Off-roading was quite an experience. I wasn’t exactly sure what to expect, so I brought an extra set of clothing in case I got soaked or muddy. I didn’t need the extra clothing…though it was close at one point!

Look at me in the Jeep. Brad took the photo.

The event was run by the Ottawa Valley Offroader (OVO) club and Brad warned me that it would be a bit of a zoo. BF Goodrich has a program in which they select a few off-road trails around North America each year as being the best, and they donate money to the clubs that maintain them. They also donate swag that’s raffled off to those attending the trail ride hosting the event. BF Goodrich doesn’t give money away in secret so there was a camera crew from a U.S. outdoor network as well as a still photographer from 4 Wheel & Off-Road Magazine.

Because there was publicity, there were people who wanted to bask in the cameras’ glow. Brad told me there were members there he had never seen before. Interestingly enough, there were times when the camera crew would stop everyone, tell us all to be quiet, and do an ‘impromptu’ interview. Once done, we could get going again. On a number of occasions, they’d also hold up the line to position themselves to shoot all the passing vehicles. It was surreal in a way because the camera man would walk out in front of vehicles moving on uneven ground, or position himself so that he was just barely clear. If the vehicle would have shifted, he would’ve been schmucked.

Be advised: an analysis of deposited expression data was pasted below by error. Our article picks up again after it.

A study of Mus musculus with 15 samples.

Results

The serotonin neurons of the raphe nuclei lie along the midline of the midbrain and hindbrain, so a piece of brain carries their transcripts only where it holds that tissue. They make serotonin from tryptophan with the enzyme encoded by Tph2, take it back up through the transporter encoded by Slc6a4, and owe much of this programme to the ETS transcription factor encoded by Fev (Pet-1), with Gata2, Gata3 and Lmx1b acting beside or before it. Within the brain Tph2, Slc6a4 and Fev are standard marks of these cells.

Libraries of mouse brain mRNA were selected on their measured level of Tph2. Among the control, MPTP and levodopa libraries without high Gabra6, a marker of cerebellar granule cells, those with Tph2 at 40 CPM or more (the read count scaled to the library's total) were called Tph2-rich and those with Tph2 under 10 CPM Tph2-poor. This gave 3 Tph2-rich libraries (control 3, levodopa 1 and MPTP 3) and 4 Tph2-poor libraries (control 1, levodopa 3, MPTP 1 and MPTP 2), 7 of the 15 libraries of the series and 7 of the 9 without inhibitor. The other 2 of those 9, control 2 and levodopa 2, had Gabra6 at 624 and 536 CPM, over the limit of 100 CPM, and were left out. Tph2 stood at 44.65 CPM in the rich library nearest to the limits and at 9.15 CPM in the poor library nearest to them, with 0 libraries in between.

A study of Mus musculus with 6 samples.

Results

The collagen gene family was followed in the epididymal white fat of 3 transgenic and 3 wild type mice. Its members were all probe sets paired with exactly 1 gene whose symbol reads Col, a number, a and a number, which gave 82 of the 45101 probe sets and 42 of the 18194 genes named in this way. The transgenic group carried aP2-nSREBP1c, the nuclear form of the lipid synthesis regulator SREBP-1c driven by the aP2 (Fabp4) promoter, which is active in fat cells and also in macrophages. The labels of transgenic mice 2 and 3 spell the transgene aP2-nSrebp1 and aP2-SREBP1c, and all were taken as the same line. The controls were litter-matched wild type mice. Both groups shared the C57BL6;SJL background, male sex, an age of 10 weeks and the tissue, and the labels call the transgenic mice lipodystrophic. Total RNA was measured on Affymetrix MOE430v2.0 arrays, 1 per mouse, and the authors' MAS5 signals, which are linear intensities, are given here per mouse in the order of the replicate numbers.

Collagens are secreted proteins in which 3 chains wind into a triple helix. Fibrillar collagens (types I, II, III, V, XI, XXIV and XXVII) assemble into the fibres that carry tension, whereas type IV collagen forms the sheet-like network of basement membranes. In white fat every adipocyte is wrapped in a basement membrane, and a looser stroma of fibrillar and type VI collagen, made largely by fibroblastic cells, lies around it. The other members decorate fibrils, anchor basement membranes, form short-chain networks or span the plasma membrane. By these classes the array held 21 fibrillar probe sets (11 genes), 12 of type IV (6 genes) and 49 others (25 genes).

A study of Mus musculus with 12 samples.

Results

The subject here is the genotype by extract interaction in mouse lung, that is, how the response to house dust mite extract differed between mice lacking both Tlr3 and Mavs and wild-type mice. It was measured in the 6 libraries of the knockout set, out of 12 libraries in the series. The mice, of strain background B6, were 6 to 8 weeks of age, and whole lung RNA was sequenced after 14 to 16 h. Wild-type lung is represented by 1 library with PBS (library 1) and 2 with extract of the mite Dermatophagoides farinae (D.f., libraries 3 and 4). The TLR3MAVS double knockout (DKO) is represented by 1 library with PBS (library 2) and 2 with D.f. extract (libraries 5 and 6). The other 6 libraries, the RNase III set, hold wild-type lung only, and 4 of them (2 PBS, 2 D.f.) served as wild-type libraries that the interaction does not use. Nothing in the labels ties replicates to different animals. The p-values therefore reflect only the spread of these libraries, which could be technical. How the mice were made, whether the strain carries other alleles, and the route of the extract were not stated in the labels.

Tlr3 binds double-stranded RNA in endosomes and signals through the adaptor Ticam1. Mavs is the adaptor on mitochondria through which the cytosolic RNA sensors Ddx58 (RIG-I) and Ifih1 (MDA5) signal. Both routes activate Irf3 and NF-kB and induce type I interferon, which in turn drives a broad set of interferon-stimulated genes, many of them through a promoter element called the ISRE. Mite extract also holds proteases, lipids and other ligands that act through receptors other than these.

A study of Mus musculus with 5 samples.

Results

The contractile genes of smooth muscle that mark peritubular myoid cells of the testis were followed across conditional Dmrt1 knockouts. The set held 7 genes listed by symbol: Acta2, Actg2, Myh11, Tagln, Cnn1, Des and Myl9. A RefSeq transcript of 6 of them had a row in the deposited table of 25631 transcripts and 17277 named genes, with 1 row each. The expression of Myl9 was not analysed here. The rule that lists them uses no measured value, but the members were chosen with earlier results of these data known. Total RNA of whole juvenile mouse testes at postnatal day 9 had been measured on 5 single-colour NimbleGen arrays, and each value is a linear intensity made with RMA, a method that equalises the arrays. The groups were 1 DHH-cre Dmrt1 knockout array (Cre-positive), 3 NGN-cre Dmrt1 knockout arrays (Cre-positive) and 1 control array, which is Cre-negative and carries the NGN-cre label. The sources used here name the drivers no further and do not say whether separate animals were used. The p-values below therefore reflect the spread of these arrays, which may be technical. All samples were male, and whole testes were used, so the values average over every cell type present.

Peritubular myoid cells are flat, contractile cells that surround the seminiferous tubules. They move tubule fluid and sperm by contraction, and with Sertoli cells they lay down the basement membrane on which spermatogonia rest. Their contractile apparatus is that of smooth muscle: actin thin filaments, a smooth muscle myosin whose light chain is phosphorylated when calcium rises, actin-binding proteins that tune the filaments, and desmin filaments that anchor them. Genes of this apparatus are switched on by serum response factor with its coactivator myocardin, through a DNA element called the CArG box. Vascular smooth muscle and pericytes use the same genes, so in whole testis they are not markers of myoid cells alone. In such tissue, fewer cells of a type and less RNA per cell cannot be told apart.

I was told that with our starting promptly at 9:00 a.m. and finishing at about 5:00 p.m., we would’ve finished by 2:00 p.m. without all the hubbub. I really enjoyed the day, but the same experience in three fewer hours would’ve been even better. It was a long day even though I was just a passenger.

So how was it? Fun! Very fun. I’d go again in a minute. Basically, it’s like going out for a drive. Driving over ground that sometimes treacherous enough that it would be difficult to walk through. Except you’re in a train of a few dozen vehicles. And you periodically stop while one vehicle at a time climbs/descends a hill/rock face or traverses a mud hole. Sometimes the going is slow enough that the occupants of vehicles that have already gone through the obstacle, or those in line to go through, will get out and watch the others do their thing.

At the far end of the trail, everyone stops for lunch and gabs for a half hour, then heads back. What surprised me is there were some women along, and a number of children too. Some make it a family affair.

I’ll tell you a few stories in upcoming entries.